The goals of multiple access communications systems, meaning cellular and PCS, are:

  • Near-wireline quality voice service
  • Near-universal geographical coverage
  • Low equipment cost, both subscriber stations and fixed plant
  • Mimimum number of fixed radio sites

Regulatory agencies have allocated limited bandwidth to these services, so that the solutions must achieve high spectral efficiency, measured in Erlangs per unit service area, per MHz. Cellular operators have 25 MHz each, split between the two directions of communications. The PCS service in the United States has three 30 MHz and three 10 MHz allocations, also split.

Practical implementations of cellular systems having hundreds of channels became practical with the availability of compact, low-cost frequency synthesizers. Microprocessor control permits complex control message dialogs that implement sophisticated call control protocols.

The cellular solution, originally designed by Bell Telephone laboratories in the 1970s, makes use of multiple fixed stations, or cells (the term cell sometimes refers to the equipment, sometimes to the service area). Each site services subscriber stations within a limited geographical area. When a subscriber moves between cells, over-the-air messaging is used to transfer control from the old cell to the new cell. This transfer of control is termed handoff or handover.

The original system was called the Advanced Mobile Phone System, or AMPS. It is the system we use throughout North America. Similar systems, with slight variations, are Nordic Mobile Telephone (NMT) in Scandinavia, and Total Access Communications System (TACS) used in the United Kingdom, China, and other countries. Spectral allocations are in the 800-900 MHz region.

Several hundred channels are available within the spectrum allocation. One channel of one base station is used for each conversation. Upon handoff, the subscriber station is directed via messaging to discontinue use of the old channel and tune to the new one, on which it will find the new cell.

Frequency Reuse

Central to the cellular concept is the concept of frequency reuse. Although there are hundreds of channels available, if each frequency were assigned to only one cell, total system capacity would equal to the total number of channels, adjusted for the Erlang blocking probability: only a few thousand subscribers per system. By reusing channels in multiple cells the system can grow without geographical limits.

Reuse is critically dependent upon the fact that the electromagnetic field attenuation in the cellular bands tends to be more rapid with distance than it is in free space. Measurements have shown repeatedly that typically the field intensity decays like R-n, with 3 < n < 5. In free space n = 2. In fact, it is easily shown that the cellular concept fails completely due to interference that grows without bound if the propagation is exactly free space.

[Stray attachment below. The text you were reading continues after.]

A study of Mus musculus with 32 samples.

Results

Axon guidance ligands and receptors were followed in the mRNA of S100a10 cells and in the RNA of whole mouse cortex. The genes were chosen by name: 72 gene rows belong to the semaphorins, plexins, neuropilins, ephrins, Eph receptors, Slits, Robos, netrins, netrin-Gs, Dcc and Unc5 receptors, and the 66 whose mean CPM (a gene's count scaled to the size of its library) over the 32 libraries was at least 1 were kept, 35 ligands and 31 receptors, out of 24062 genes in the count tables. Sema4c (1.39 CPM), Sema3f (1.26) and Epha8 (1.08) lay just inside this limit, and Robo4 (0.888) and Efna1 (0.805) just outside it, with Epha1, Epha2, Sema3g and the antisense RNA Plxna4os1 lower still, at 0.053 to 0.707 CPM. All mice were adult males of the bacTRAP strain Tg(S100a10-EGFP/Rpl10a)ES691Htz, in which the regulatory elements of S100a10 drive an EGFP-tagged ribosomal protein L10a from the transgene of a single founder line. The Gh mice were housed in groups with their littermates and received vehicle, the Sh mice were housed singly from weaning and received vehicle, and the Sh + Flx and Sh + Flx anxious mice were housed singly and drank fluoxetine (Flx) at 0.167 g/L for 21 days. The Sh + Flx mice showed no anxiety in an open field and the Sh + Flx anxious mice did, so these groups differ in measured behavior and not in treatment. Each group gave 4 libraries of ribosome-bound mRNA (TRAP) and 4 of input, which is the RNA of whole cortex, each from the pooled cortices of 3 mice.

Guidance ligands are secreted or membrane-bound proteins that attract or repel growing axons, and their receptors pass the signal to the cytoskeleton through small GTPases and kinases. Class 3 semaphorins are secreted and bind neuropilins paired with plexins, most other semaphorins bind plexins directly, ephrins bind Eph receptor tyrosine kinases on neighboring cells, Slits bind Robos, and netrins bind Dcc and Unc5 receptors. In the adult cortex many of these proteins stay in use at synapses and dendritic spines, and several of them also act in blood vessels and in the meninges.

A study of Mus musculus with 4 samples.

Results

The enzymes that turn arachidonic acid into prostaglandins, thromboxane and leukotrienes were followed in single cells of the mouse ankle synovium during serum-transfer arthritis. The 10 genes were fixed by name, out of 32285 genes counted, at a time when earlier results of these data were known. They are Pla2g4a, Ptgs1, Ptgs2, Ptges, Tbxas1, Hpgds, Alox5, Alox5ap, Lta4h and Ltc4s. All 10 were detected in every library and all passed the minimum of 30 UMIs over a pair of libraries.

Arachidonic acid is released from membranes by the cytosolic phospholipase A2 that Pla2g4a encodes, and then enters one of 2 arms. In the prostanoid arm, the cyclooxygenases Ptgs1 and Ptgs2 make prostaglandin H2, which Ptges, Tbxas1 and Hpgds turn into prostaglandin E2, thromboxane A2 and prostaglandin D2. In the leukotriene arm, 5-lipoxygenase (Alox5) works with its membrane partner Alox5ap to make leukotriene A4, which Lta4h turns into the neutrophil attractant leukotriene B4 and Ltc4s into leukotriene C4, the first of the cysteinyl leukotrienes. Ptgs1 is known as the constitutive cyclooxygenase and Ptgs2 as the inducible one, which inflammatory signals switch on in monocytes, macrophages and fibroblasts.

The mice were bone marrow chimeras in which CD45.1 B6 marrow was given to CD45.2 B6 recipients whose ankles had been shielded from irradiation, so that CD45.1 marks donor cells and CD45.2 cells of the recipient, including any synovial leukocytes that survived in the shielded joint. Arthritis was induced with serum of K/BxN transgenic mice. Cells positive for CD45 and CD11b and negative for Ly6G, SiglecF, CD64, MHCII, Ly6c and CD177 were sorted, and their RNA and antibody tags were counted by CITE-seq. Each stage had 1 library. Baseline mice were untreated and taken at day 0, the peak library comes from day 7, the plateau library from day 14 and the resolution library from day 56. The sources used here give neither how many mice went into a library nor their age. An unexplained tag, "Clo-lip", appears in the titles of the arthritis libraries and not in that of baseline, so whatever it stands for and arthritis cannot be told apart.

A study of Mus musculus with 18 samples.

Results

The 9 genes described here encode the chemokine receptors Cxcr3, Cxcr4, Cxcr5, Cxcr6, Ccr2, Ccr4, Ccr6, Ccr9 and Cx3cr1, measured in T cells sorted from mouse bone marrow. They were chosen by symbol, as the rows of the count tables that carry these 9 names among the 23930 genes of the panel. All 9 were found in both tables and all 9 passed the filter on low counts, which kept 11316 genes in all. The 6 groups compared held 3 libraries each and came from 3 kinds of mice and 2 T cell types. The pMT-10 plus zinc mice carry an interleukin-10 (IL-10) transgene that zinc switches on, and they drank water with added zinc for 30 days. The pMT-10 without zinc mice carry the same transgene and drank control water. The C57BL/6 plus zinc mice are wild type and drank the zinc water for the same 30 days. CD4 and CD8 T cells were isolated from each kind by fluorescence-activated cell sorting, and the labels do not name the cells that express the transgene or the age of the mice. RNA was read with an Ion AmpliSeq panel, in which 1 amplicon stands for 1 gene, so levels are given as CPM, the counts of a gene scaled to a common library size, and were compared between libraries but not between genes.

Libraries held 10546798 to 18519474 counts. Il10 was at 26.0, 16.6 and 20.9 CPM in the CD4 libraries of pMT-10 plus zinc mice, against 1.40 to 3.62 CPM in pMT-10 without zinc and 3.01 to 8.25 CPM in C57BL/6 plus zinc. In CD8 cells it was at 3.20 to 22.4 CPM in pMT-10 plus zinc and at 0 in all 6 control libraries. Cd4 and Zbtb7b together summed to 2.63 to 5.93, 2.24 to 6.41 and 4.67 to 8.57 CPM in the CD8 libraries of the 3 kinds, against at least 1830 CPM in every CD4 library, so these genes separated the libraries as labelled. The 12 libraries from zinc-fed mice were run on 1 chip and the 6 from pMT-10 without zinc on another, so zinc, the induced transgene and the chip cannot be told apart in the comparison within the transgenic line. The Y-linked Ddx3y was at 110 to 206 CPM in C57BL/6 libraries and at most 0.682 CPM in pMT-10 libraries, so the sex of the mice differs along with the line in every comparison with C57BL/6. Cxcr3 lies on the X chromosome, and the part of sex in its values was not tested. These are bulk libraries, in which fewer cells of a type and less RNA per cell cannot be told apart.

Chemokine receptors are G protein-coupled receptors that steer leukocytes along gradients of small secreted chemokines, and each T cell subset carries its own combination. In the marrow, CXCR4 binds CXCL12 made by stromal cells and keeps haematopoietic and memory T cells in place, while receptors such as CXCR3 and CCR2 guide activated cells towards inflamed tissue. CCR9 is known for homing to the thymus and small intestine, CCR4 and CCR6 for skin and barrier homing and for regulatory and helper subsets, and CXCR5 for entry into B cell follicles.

Typical cellular reuse (pre-CDMA, that is!) is easily rationalized by considering an idealized system. If we assume that propagation is uniformly R-n, and that cell boundaries are at the equisignal points, then a planar service area is optimally covered by the classical hexagonal array of cells ...
Seven sets of channels are used, one set in each colored cell. This seven-cell unit is then replicated over the service area.

No similarly colored cells are adjacent, and therefore there are no adjacent cells using the same channel. While real systems do not ever look like these idealized hexagonal tilings of a plane, the seven-way reuse is typical of that achieved in practice.

The capacity of a K-way reuse pattern is simply the total number of available channels divided by K. With K=7 and 416 channels, there are approximately 57 channels available per cell. At a typical offered load of 0.05 Erlangs per subscriber, each site supports about 1140 subscribers.

Life is, of course, much more complicated than this simple picture, but the numbers are in the right ballpark!

Antenna Sectorization

The pictures above assume that the cells are using omnidirectional antennas. It might be expected that system capacity could be increased by antenna sectorization. Sites are in fact sectorized by the operators, usually three-ways. That is, each site is equipped with three sets of directional antennas, with their azimuths separated by 120°. Unfortunately the sectorization does not in practice lead to an increase in capacity. The reason is that the sector-to-sector isolation, often no more than a few dB, is insufficient to guarantee acceptably low interference. Only in part is this due to the poor front-to-back ratio of the antennas. The vagaries of electromagnetic propagation in the real world also conspire to mix signals between sectors. The practical result of sectorization is only an increase in coverage because of the increased forward gain of the directional antenna. Nothing is gained in reuse. The same seven-way cell reuse pattern applies in sectored cells as in omnidirectional cells. Viewed from the standpoint of sectors, the reuse is K = 7 *3 = 21, not 7.